Trump’s political opponents are using his combative Twitter strategy against him

Donald Trump Bernie Sanders Ted Lieu

Photo via Gage Skidmore/Flickr Screenshots via @sensanders/@KamalaHarris/Twitter

Trump no longer has a monopoly on Twitter fire.

President Donald Trump’s unique tweeting habits have helped him build a public persona that is direct, candid, and pugnacious. While he is not the first politician to us Twitter as a direct mouthpiece to the people, he takes his candidness to a new level.  

But it’s worked, allowing him to control the narrative and keeping media attention on him. And now, his political opponents are increasingly turning to the social network with similar tactics to take back the platform.  

Sens. Elizabeth Warren (D-Mass.) and Bernie Sanders (I-Vt.) have been two of the most vocal opposition figures, and now, they are joined by a new guard of Twitter political leaders, including Democrats Rep. Ted Lieu and Sen. Kamala Harris, both of California, who are not afraid to be combative—and are making names for themselves as a result.

Here are some of the best tweets from the Twitter opposition.

Sen. Bernie Sanders (@sensanders)

Almost immediately upon conceding his primary defeat to former Secretary of State Hillary Clinton, Sanders returned to the task of representing the state of Vermont in the Senate—and liberal netizens everywhere on Twitter.

Shortly after he conceded the election, he had this to say about Trump:

And his fighting words only increased in strength, leading to many to crown Bernie as the new leader of the resistance.

One of his most poignant and effective tweets came on Jan. 20, in direct response to Trump’s claims about his Inauguration Day crowd size:

More recently, Sanders has taken to Twitter to remind followers of the voters whom Trump has left behind:

And to advocate for the same progressive values that he campaigned on as a candidate and fought for as a senator:

Sen. Elizabeth Warren (@SenWarren)

Warren’s progressive bona fides on and offline have drawn speculation regarding a potential presidential run for the senator. (She recently denied having White House-sized ambitions—but left the possibility open.) In the meantime, she tackles serious policy issues with tough questioning, persists in the face of blatant sexism, and, in the meantime, trolls Trump virally online:

When Warren’s fellow senators silenced her from reading Loretta Scott King’s letter, to protest against Jeff Sessions as attorney general, she responded forcefully with a tweetstorm that went viral.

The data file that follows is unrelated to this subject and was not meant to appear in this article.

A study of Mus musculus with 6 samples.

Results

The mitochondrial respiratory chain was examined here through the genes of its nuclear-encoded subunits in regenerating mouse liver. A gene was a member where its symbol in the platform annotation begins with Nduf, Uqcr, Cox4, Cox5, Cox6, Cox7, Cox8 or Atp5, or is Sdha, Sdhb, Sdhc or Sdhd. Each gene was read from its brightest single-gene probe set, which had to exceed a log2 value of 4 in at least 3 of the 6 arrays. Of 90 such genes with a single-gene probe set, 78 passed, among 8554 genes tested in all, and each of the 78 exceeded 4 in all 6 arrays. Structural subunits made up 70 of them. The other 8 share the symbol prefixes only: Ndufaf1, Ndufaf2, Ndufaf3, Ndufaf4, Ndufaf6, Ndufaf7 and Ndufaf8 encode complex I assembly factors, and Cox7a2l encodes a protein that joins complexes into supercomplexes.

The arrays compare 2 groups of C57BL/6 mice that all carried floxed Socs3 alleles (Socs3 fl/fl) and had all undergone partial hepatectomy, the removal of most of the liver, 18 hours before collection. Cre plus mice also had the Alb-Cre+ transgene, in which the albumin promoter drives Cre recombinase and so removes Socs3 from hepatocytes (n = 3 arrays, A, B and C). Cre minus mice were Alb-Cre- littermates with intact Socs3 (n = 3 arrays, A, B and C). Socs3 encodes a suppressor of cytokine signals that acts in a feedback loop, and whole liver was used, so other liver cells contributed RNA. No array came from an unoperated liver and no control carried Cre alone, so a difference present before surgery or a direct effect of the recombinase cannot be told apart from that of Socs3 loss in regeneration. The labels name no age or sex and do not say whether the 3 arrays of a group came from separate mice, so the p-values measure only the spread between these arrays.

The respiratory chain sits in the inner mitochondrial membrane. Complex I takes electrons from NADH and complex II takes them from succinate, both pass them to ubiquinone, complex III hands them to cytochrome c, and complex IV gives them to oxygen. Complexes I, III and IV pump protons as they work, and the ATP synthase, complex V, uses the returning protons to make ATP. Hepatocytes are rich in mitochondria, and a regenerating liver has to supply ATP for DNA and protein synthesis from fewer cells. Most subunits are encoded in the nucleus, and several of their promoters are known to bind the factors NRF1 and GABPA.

But her virality was not limited to her words. After the incident, #NeverthelessShePersisted became a trending hashtag and Warren herself had her progressive hero status solidified:

Rep. Ted Lieu (@tedlieu)

Before Lieu joined Congress in 2011, he served in the California State Assembly since 2005.  As a congressman representing California, Lieu maintains both an “official” Twitter, of the sort that you would expect to see from a politician, as well as his personal account, which is what you would hope to see from a politician—as if this version of Twitter is his anger translator, without the translator.  

His tweets since Trump’s election are delightfully snarky…

…Set the facts straight:

Provide smart context as an Air Force veteran:

And serves as a news round-ups for anyone that’s missed the latest:

Sen. Kamala Harris (@KamalaHarris)

The freshman senator from California has been a social media star since before she even took office, taking to Twitter to defend American values:

One of her stand-out social media moments was in her amplification of the hashtag #DressLikeAWoman, in response to private remarks by Trump about how he would prefer that women dress in the office.

Harris is particularly vocal in her support of women.

While her trolling of Trump is more muted than that of her colleague, Lieu, she’s still not afraid to reveal her opinion, and constituents are noticing.

One of the reasons that Trump has always been so refreshing and appealing for his supporters was that he had no problem giving voice to—and sometimes stoking—the anger that many ordinary Americans feel. This is especially clear in contrast to politicians who are diplomatic and calculated—a key criticism lobbed at Clinton—and an environment that many believe to be stiflingly politically correct.

As his opponents are showing, however, Trump does not have a monopoly on expressing his emotions on Twitter. With liberal voices like Lieu and Harris stepping in to join old-guard opponents like Warren and Sanders to candidly express the frustration of the left, perhaps their increased combativeness on Twitter will be just as reenergizing to their supporters as Trump’s was to his.